At a March 3rd meeting at the Johns Hopkins University, the Open Archives Initiative (OAI) introduced the Object Reuse and Exchange (ORE) specifications. The ORE Specification and User Guide was released the prior day.
Here's an excerpt from the press release about the meeting:
The ORE specifications are developed in response to a significant challenge that has emerged in eScholarship. In contrast to the paper publications of traditional scholarship, or even their digital counterparts, the artifacts of eScholarship are complex aggregations. These aggregations consist of multiple resources with varying media types, semantics types, network locations, and intra- and inter-relationships. The future scholarly communication, research, and higher education infrastructure requires standardized approaches to identify, describe, and exchange these new outputs of scholarship.
The ORE specifications address this challenge with the ORE data model that defines how to associate an identifier, a URI, with aggregations of web resources. By referring to these identifiers, aggregations can then be linked to, cited, and described with metadata, in the same manner as any web resource. The ORE data model also makes it possible to describe the structure and semantics of these aggregations. The ORE specifications define how these descriptions can then be packaged in the XML-based Atom syndication format or in RDF/XML, making them available to a variety of applications.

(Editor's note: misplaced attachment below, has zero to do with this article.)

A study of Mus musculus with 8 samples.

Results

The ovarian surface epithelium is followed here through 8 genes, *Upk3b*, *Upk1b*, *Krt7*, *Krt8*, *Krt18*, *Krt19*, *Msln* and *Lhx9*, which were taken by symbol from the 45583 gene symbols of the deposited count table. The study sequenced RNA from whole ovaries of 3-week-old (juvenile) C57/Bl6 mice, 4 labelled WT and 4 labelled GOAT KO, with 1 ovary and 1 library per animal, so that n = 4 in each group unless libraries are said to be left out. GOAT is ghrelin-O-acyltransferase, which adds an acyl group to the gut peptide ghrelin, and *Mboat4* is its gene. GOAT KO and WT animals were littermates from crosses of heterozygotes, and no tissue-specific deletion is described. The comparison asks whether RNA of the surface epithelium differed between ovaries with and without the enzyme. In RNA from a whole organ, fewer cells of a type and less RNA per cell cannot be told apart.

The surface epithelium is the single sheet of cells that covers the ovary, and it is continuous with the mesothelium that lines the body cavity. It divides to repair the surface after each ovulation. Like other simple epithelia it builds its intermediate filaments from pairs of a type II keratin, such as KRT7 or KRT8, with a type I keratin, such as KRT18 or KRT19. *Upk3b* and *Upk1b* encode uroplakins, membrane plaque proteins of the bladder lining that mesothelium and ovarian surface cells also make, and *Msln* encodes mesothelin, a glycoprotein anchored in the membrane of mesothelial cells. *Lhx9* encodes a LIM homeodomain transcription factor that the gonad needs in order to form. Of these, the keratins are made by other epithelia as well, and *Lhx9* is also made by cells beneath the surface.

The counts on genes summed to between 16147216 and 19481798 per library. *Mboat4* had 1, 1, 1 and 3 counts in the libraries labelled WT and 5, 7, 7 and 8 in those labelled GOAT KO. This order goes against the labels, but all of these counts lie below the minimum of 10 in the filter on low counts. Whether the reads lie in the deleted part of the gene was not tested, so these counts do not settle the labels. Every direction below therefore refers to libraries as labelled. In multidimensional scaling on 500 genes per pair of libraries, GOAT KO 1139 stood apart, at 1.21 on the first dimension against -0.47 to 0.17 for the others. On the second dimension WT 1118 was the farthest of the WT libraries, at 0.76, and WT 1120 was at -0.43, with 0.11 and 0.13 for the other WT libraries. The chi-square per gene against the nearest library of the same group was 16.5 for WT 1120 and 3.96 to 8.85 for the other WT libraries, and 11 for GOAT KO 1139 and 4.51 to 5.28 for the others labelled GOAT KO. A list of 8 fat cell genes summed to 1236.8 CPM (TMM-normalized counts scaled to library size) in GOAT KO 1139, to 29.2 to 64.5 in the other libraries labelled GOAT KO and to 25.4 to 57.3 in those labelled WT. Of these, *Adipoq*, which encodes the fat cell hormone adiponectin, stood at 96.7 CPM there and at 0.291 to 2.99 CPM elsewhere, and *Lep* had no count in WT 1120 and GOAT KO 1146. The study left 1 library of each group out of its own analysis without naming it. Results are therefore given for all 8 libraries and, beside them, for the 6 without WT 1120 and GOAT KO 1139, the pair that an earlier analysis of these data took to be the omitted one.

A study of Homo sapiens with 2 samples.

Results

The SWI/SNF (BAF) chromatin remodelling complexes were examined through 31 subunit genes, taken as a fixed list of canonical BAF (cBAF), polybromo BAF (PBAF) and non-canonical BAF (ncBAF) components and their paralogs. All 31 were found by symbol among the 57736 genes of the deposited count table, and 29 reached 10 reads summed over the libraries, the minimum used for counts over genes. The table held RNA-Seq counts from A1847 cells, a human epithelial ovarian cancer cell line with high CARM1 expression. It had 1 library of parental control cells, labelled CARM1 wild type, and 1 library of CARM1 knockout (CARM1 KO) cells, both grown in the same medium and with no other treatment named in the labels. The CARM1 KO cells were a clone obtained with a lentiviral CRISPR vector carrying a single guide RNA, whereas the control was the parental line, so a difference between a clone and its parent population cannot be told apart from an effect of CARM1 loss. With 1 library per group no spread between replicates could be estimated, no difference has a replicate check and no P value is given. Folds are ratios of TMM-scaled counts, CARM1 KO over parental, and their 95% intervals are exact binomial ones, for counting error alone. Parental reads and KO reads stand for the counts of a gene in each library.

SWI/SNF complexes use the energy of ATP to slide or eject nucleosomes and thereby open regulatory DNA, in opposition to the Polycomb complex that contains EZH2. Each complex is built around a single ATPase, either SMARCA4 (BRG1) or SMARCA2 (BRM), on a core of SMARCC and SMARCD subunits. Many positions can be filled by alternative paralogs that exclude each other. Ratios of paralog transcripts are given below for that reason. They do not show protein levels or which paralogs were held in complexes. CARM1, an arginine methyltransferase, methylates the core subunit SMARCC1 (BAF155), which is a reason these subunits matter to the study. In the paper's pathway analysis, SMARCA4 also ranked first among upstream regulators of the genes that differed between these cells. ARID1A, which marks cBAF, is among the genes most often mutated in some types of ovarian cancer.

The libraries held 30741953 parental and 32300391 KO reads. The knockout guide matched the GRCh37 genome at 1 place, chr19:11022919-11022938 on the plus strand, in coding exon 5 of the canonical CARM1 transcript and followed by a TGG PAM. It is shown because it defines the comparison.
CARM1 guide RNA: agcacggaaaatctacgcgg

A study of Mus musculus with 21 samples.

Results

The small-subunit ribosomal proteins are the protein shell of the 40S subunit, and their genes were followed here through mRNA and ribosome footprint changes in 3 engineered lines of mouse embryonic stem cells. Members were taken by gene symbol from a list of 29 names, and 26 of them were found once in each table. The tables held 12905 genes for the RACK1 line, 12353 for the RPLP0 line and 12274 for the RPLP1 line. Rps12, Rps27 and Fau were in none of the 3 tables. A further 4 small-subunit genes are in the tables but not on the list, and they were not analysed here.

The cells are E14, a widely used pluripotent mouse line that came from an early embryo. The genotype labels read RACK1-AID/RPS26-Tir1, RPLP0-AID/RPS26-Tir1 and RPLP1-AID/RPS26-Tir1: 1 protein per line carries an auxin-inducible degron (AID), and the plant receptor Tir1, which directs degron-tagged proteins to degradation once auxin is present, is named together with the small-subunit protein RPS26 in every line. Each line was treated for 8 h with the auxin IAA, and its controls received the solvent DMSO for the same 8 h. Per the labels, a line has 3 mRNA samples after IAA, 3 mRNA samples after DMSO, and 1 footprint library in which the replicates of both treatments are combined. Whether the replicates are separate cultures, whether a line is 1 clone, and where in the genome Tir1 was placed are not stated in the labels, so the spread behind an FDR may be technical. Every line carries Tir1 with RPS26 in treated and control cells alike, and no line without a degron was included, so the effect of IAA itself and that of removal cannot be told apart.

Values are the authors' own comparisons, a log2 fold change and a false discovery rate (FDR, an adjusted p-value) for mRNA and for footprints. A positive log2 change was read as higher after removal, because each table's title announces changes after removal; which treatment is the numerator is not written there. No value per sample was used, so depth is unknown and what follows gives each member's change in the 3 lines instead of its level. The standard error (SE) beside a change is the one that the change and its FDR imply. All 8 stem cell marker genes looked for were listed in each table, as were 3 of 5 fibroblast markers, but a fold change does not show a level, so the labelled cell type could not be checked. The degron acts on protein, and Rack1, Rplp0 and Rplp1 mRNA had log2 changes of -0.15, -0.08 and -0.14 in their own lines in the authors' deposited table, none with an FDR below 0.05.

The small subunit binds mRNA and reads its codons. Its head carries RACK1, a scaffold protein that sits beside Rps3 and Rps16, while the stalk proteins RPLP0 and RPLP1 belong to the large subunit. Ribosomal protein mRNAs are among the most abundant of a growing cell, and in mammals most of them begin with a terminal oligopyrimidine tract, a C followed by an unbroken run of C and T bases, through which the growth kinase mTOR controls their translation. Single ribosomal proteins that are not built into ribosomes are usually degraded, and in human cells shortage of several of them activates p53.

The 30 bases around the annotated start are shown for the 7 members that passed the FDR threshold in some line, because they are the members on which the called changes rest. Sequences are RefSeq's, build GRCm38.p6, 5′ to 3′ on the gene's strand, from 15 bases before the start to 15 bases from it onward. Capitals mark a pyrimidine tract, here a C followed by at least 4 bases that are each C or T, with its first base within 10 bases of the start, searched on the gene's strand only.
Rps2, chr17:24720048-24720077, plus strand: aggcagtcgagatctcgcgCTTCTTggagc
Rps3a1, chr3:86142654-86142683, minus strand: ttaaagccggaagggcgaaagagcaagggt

In addition to their utility in eScholarship, the ORE specifications also apply to our everyday web use where we often encounter aggregations such as multi-page HTML documents, and collections of multi-format images on sites like flickr. OAI-ORE descriptions of these aggregations can be used to improve search engine behavior, provide input for browser-based navigation tools, and develop automated web services to analyze and preserve this information.
Read more about it at "The Vision of ORE."